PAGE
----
Alice Epitropoulos, MD, gives tips on how to optimize treatment for patients with meibomian gland dysfunction (MGD).
LipiFlow vectored thermal pulsation (VTP, Johnson & Johnson Vision) plays a significant role in the treatment of meibomian gland dysfunction (MGD) in my practice. Studies have shown that a single VTP treatment can deliver a sustained improvement in meibomian gland function and reduction in dry eye symptoms over 12 months1, with some evidence of treatment effects persisting as long as 3 years.2
To help the results endure, there are additional steps we can take to maximize the results of VTP for our patients:
Perform blepharoexfoliation (BlephEx) in the office just prior to thermal pulsation. I find that using a medical grade microsponge to thoroughly exfoliate the lids and lashes and remove any biofilm helps to improve the results of VTP.
Encourage patients to blink! Digital device use, droopy eyelids, and eyelash extensions can all get in the way of the full, complete blinks that are necessary to effectively distribute oils from the meibomian glands into the tear film. Before the patient leaves my office, I personally demonstrate and go over instructions for blink exercises that I want them to do at home.I tell them, “Every couple hours, consciously think about blinking completely and squeezing your eyes closed. Now that we’ve got your glands unclogged, they will work better—but not if you don’t fully blink.” We also give them written instructions to take home with them in case they forget (Fig 1).
I give my patients a list of lid hygiene and topical products they can use at home to extend and maintain the benefits of the VTP treatment. These include lid scrubs, warm compresses, and preservative-free, lipid-containing tears such as Blink (Johnson & Johnson Vision) or Retaine MGD (OcuSoft). If they are already on an immunomodulator, I continue that, along with a Vitamin A ointment at night, which I think helps to preserve and support the mucin-producing goblet cells.
Start high quality re-esterified triglyceride (rTGC) form omega-3 supplements. Several years ago, I led a study in which we demonstrated that oral rTGC omega-3 fatty acid supplementation was associated with statistically significant improvement in tear osmolarity, omega-3 index levels, TBUT, MMP-9, and OSDI symptom scores.3 Meibum quality is directly related to diet. Too much omega-6 fatty acid (which is common in the heavily processed American diet) or too little omega-3 (from oily fish) can negatively affect meibum quality. In a paper presented at the Cornea Society several years ago, Greg Smith demonstrated that 82% of patients who took oral omega-3s in the rTGC form for 8 weeks showed an increase in eicosapentaenoic (EPA) and docosahexaenoic (DHA) in their meibum.4As a result of these findings, the company was able to obtain 2 patents, including a method patent confirming that this rTGC omega supplement improves the quality of meibum composition in the meibomian glands (Patent No. 9,381 183 B2;Serial No.:13/507,673)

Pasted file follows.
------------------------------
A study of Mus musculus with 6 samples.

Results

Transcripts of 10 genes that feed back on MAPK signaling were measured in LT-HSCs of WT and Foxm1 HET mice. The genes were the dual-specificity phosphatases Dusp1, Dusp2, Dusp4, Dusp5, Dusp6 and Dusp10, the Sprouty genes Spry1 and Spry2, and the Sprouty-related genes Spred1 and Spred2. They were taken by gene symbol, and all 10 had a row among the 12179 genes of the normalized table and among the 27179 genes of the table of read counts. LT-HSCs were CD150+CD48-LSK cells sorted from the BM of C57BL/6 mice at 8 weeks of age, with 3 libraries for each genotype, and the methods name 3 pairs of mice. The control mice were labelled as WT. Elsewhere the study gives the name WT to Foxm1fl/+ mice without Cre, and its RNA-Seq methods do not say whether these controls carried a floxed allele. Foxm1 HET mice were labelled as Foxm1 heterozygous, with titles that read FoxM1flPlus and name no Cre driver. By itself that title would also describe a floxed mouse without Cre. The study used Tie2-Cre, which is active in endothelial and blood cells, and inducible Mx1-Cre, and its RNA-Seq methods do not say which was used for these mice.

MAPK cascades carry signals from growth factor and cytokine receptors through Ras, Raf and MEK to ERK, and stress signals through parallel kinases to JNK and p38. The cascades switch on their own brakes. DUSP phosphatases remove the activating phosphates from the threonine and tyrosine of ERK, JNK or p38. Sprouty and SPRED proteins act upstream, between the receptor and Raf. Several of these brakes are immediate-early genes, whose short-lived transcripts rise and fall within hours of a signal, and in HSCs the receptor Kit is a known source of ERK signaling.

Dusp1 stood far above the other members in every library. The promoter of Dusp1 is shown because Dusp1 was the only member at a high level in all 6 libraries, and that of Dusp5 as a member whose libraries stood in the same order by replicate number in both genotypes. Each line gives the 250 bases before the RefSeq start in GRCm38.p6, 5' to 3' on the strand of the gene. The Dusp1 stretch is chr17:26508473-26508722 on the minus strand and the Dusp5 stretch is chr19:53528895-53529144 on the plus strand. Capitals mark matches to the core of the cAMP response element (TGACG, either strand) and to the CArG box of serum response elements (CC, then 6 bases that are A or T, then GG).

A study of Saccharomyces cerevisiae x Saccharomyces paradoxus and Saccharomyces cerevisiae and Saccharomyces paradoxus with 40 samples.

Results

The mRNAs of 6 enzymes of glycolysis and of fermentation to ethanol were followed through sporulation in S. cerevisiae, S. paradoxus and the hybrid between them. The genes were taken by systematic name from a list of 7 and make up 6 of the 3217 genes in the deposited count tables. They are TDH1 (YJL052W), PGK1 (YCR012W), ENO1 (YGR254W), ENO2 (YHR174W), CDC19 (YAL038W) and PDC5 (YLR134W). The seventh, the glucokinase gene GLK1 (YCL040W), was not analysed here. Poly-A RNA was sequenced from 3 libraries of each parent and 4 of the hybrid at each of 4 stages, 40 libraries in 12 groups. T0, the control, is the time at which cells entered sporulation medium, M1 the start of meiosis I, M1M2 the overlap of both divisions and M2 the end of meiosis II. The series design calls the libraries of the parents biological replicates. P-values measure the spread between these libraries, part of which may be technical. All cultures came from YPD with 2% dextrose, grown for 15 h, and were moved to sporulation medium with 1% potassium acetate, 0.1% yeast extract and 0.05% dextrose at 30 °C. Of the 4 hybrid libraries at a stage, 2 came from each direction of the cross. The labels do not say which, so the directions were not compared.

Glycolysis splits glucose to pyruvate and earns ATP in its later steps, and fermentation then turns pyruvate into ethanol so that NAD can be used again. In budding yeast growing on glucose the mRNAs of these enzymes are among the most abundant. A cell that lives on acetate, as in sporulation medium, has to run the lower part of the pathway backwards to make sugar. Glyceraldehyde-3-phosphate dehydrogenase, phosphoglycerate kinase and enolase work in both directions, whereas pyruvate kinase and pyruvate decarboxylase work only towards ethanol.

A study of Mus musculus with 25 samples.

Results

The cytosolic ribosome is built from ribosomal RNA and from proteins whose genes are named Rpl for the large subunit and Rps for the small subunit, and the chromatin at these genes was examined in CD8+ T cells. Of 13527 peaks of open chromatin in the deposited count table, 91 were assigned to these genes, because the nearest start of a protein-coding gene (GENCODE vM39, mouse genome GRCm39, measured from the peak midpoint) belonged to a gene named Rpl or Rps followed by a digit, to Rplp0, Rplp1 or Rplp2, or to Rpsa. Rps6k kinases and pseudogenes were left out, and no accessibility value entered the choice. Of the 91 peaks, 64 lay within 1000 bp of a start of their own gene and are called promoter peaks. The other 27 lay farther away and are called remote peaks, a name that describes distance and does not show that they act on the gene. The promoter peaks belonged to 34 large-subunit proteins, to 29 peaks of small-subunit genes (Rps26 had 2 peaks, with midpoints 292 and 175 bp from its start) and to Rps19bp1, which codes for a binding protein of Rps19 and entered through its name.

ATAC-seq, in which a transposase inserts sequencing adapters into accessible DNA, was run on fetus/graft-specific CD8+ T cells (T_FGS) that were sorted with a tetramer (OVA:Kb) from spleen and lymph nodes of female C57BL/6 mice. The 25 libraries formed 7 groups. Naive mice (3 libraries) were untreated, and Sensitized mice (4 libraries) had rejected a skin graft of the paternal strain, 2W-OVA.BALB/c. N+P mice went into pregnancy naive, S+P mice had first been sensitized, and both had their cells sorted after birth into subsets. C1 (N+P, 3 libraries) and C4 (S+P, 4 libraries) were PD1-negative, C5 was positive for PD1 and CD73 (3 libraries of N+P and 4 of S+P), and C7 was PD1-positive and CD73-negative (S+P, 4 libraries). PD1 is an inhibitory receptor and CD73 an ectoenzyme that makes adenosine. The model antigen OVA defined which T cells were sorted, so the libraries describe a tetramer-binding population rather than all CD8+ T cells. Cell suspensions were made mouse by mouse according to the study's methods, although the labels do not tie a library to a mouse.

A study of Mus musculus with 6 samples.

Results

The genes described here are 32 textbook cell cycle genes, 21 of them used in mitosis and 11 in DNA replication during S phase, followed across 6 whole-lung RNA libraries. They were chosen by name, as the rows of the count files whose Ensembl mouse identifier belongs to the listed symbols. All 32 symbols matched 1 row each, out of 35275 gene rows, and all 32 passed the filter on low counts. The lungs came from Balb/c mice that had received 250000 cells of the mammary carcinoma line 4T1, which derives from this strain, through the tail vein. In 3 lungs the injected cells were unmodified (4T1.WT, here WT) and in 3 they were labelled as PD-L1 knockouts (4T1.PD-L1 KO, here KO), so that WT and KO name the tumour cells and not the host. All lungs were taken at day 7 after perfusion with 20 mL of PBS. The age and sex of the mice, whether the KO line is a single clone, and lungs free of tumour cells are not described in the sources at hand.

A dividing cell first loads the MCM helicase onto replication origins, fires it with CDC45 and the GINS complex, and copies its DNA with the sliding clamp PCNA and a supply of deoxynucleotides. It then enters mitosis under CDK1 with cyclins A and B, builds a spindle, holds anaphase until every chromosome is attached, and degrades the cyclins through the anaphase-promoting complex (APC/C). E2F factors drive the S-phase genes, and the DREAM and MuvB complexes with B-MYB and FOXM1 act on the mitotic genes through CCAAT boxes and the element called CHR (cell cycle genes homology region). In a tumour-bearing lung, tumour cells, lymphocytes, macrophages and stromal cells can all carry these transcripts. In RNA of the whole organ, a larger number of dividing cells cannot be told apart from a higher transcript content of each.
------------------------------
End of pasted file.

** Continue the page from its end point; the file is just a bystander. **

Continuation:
The challenge is that dose and form do matter. If the alcohol (ethyl ester) used to clean the fish oil of mercury and toxins is left in, as it is in the vast majority of omega-3 supplements available at drug stores, it can inhibit the systemic absorption of EPA+DHA. The rTGC form is 70% more bioavailable than the ethyl ester form.5 In addition to starting with a bioavailable form, you have to reach therapeutic levels of≥8% omega-3 in the red blood cells in order to get the dry eye, neurologic, cardiovascular, joint, and other benefits purported for omega-3 supplements. In most cases, this requires supplementation with 2 g/day (of a form that can be readily absorbed), rather than the 1 g or less of an ethyl ester form that has been used in most studies. When patients tell me, “Oh, I already take these fish oil supplements from Wal-Mart,” I suggest that we just check that what they are taking is being absorbed, by testing their red blood cell fatty acid measures. This is a quick, inexpensive test that helps patients better understand their baseline omega-3 levels. It can be repeated to demonstrate change over time with effective supplementation.
Do patients have to do all these maintenance measures? Of course not. But people who are compliant with all or most of an at-home regimen are likely to have better and more long-lasting results from VTP than those who aren’t. Keeping the lids clean and free of debris and promoting healthy meibum will support success with LipiFlow.